TV's portrayal of Gypsy culture is one Big Fat myth
Ask anyone in the street what the word 'Gypsy' means to them and they will almost certainly come up with Big Fat Gypsy Wedding.
And the images the public link to Gypsies and Travellers? Big dresses, spray tans, skimpy outfits and make-up slathered on with a trowel.
It's a far cry from the world I've been visiting, on and off, since 2006, when I first started reporting from Dale Farm and met Mary-Ann McCarthy in her neat chalet.
There is, of course, a grain of truth in Big Fat Gypsy Wedding and its spin off, Thelma's Gypsy Girls. Some young Traveller girls do like to put on the Ritz, spray on tan and totter into town and back on high heels.
Some aren't used to education and employment (the statistics bear this out, with Gypsy and Traveller children lagging way behind in educational achievement), but pinning a few radiant butterflies onto a board for the amusement of the British non-Gypsy public and claiming they are a representative sample?
Talk to Gypsy elders and they splutter with indignation about the depiction of their culture on TV - and point out, for good measure, that almost all of those interviewed are Irish Travellers, not Romany Gypsies anyway.
And, yes, some do whisper, too, that Romany Gypsies see Irish Travellers as "gorgias" - their word for settled people - and deny that the two cultures are one and the same.
Almost all the Irish Traveller women I know dress extremely modestly, in below the knee skirts, or plain trousers. They are more concerned with cobbling together enough cash to take their kids to the leisure centre, so they can give them a hot shower.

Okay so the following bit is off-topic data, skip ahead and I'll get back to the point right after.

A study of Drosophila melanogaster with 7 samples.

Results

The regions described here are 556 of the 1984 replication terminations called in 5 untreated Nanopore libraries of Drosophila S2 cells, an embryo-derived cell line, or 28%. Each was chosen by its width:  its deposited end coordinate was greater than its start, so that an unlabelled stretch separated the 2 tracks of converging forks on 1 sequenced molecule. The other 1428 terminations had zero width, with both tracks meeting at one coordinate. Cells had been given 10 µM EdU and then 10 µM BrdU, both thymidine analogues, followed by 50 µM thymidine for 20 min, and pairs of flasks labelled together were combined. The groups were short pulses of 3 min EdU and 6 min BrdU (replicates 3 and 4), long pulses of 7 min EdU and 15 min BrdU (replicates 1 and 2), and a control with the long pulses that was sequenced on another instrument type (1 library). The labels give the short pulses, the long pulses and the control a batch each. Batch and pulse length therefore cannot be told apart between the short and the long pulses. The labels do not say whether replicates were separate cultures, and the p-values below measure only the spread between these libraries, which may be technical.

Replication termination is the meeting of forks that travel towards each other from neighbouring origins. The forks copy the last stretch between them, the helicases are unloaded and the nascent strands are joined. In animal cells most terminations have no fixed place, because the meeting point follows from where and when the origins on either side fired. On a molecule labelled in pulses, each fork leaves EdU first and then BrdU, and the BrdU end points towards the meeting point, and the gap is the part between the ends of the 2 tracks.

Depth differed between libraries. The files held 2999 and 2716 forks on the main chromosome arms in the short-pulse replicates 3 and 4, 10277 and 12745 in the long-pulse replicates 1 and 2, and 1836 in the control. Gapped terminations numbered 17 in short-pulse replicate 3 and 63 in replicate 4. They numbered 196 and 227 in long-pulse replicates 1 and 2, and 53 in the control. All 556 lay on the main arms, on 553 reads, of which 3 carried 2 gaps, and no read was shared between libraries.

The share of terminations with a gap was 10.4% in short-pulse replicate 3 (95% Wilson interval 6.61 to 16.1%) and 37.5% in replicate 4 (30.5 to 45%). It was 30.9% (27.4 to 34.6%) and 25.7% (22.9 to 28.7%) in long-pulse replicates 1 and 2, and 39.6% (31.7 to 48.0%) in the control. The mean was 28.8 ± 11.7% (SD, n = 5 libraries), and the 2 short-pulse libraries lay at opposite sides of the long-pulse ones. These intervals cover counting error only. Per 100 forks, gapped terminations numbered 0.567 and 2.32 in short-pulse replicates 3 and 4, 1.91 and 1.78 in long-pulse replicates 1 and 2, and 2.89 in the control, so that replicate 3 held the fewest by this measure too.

The McCarthy sisters, who spearheaded the resistance to the site clearance at Dale Farm, did take pleasure in dressing up for the final court appearances, but that was for a special occasion.
It would be funny, if it wasn't so dangerous, this fixation with what Traveller women wear. You cannot reduce a whole culture to a few crystals, lipstick and a big skirt.
The Irish Traveller Movement in Britain recently hosted a seminar on media reporting of Gypsy and Traveller matters. Participants included Inspector Mark Watson, of Cheshire Police, who stressed the media's responsibility to report on Gypsies and Travellers as fairly as possible, because most people never knowingly meet anyone from those communities. Many of those who gave evidence spoke of the negative backlash post-Big Fat Gypsy Wedding on their lives, or on those of their school-age children.
Andy Slaughter MP, the Shadow Minister for Justice, said that discrimination for almost all racial groups had declined in the last few decades - except Gypsies and Travellers.
I applaud anyone who wants to support young Gypsy and Traveller people into employment. But I'm not sure that turning them into a spectacle for the TV cameras is the way to further their careers.
It makes for good TV - but it isn't good for those who are made objects of fun in the process.